Whether the listing agent continues to market a property and/or hold an open house after it goes under agreement is really a matter of personal preference and discussion between the seller and agent.
QUESTION: Is there a rule about having an open house after a Purchase & Sale Agreement has been signed?
ANSWER: Whether the listing agent continues to market a property and/or hold an open house after it goes under agreement is really a matter of personal preference and discussion between the seller and agent.
Keep in mind that not all scheduled real estate closings actually take place. The seller, of course, is obligated to perform and go forward with the transaction under the agreement, as is the buyer. But there is any number of reasons as to why a buyer may be unable to close. For this reason, the seller may decide to accept backup offers.
If there is nothing in the agreement to preclude accepting backup offers, the seller and broker may decide to continue to market the property and even hold an open house.
There is nothing illegal about backup offers per se, although there is a lot of confusion about what constitutes a backup offer. Is it an indication of willingness on the part of the backup buyer to submit a written offer in the future or is it an actual written offer?
To avoid any confusion, all parties should be absolutely clear what their rights and obligations are under a backup offer - i.e. the buyer should be clear that the deposit is simply a backup in the event the current agreement fails. The seller should be clear that he is legally bound to honor the current agreement and cannot accept the backup offer even if it is higher unless the current agreement fails. The agent should be aware that he/she can only deposit a check if there is an executed agreement between the seller and buyer unless the parties have indicated to the contrary that the check should be deposited.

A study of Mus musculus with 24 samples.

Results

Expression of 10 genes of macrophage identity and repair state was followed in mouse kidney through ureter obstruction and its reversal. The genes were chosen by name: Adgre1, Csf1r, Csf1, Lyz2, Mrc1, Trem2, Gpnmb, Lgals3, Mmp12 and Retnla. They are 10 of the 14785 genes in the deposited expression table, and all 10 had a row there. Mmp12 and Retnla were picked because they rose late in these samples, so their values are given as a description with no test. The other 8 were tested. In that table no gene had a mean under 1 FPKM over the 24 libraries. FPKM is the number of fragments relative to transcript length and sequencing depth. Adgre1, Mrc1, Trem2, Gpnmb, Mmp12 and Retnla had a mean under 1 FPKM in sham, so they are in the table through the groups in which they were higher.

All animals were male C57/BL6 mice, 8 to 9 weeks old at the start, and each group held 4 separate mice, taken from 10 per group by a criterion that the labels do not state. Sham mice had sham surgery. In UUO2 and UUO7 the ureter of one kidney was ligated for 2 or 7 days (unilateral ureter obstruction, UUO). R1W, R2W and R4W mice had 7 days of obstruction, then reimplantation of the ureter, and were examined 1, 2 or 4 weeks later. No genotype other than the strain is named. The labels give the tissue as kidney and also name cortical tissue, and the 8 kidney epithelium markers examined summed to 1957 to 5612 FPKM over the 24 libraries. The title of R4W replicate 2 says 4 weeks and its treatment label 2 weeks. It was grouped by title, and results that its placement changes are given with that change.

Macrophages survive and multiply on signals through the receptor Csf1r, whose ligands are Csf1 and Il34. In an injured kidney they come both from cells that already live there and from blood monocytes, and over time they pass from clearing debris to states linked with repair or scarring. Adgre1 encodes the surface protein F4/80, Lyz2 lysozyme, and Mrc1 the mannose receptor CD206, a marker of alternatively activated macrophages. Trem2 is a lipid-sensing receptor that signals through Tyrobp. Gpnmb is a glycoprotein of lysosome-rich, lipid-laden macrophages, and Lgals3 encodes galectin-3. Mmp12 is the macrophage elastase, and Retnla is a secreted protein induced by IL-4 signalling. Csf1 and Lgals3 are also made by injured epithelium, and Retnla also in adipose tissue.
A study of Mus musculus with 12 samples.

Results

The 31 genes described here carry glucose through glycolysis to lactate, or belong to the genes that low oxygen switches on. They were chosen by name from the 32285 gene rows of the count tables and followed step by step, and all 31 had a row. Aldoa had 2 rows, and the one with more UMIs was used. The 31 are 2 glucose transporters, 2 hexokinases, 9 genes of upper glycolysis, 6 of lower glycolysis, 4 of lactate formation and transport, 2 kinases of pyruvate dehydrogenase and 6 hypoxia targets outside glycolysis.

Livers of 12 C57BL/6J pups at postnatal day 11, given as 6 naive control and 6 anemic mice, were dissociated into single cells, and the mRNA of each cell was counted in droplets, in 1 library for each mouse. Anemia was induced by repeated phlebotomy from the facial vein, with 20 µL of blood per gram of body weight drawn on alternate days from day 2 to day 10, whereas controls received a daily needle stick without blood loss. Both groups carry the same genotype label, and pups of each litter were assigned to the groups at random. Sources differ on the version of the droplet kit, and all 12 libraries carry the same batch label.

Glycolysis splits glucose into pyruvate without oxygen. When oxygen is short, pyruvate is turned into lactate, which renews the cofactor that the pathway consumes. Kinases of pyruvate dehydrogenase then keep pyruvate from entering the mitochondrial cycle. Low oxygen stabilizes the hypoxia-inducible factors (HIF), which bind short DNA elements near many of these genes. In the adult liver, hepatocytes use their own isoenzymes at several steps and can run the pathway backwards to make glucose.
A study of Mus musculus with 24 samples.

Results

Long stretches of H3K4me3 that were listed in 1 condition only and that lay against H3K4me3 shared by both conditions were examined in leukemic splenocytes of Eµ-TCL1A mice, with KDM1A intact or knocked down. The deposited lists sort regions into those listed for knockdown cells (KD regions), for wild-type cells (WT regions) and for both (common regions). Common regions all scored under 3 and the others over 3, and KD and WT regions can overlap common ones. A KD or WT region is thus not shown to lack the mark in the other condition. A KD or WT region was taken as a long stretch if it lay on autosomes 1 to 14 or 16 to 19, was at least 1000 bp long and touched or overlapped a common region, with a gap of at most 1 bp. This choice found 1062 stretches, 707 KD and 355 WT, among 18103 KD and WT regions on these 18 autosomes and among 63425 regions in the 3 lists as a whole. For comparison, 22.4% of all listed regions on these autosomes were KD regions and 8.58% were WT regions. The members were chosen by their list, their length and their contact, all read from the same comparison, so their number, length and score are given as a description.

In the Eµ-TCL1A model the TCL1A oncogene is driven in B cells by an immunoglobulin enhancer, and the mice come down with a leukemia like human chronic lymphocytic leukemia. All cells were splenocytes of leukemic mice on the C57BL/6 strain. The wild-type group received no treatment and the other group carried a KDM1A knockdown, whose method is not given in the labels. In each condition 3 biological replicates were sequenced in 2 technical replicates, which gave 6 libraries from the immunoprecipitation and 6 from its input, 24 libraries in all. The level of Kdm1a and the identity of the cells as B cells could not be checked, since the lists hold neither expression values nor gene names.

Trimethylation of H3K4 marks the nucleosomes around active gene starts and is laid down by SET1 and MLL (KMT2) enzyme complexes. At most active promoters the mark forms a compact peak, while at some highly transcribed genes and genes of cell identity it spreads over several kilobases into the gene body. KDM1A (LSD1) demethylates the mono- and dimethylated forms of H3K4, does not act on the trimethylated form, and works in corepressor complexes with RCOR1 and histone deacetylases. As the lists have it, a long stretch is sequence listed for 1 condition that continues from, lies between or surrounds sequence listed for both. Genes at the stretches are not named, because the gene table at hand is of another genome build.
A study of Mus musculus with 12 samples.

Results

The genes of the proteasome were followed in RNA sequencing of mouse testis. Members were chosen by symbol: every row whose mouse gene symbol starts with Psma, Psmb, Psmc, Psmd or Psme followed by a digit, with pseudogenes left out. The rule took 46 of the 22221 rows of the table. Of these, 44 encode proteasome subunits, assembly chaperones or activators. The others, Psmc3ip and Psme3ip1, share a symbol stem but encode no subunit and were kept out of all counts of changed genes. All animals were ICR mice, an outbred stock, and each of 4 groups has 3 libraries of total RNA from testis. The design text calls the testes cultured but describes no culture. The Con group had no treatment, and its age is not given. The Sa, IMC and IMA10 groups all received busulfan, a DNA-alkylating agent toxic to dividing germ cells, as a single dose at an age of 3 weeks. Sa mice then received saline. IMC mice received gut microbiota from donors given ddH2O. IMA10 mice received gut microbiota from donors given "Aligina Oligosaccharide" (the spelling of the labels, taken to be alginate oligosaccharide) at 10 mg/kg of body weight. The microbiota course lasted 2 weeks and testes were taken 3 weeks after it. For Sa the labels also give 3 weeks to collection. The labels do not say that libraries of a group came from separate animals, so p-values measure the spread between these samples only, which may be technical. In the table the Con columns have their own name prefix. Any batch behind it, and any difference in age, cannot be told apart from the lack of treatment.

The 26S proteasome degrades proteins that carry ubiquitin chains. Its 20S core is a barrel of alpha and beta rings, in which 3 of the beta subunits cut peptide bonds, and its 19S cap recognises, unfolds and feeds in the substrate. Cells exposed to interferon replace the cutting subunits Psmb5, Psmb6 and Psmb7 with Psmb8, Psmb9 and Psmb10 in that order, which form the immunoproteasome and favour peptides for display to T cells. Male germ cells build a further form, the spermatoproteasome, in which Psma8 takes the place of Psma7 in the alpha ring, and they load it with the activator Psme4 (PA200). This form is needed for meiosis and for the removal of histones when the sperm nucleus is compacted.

If the seller has a signed agreement but decides to accept backup offers, there is nothing improper or unethical about having an open house. It's really a question of what the seller is comfortable with.
Holding the open house in no way diminishes the seller’s contractual obligations under the current agreement, but it might be a good opportunity to gather a pool of interested candidates should the current agreement fall through.
If the seller does go ahead with the open house, however, potential buyers should be made aware that the house is under agreement.
Linda Goodspeed is a longtime real estate writer and author of “In and out of Darkness.” Email her at: firstname.lastname@example.org.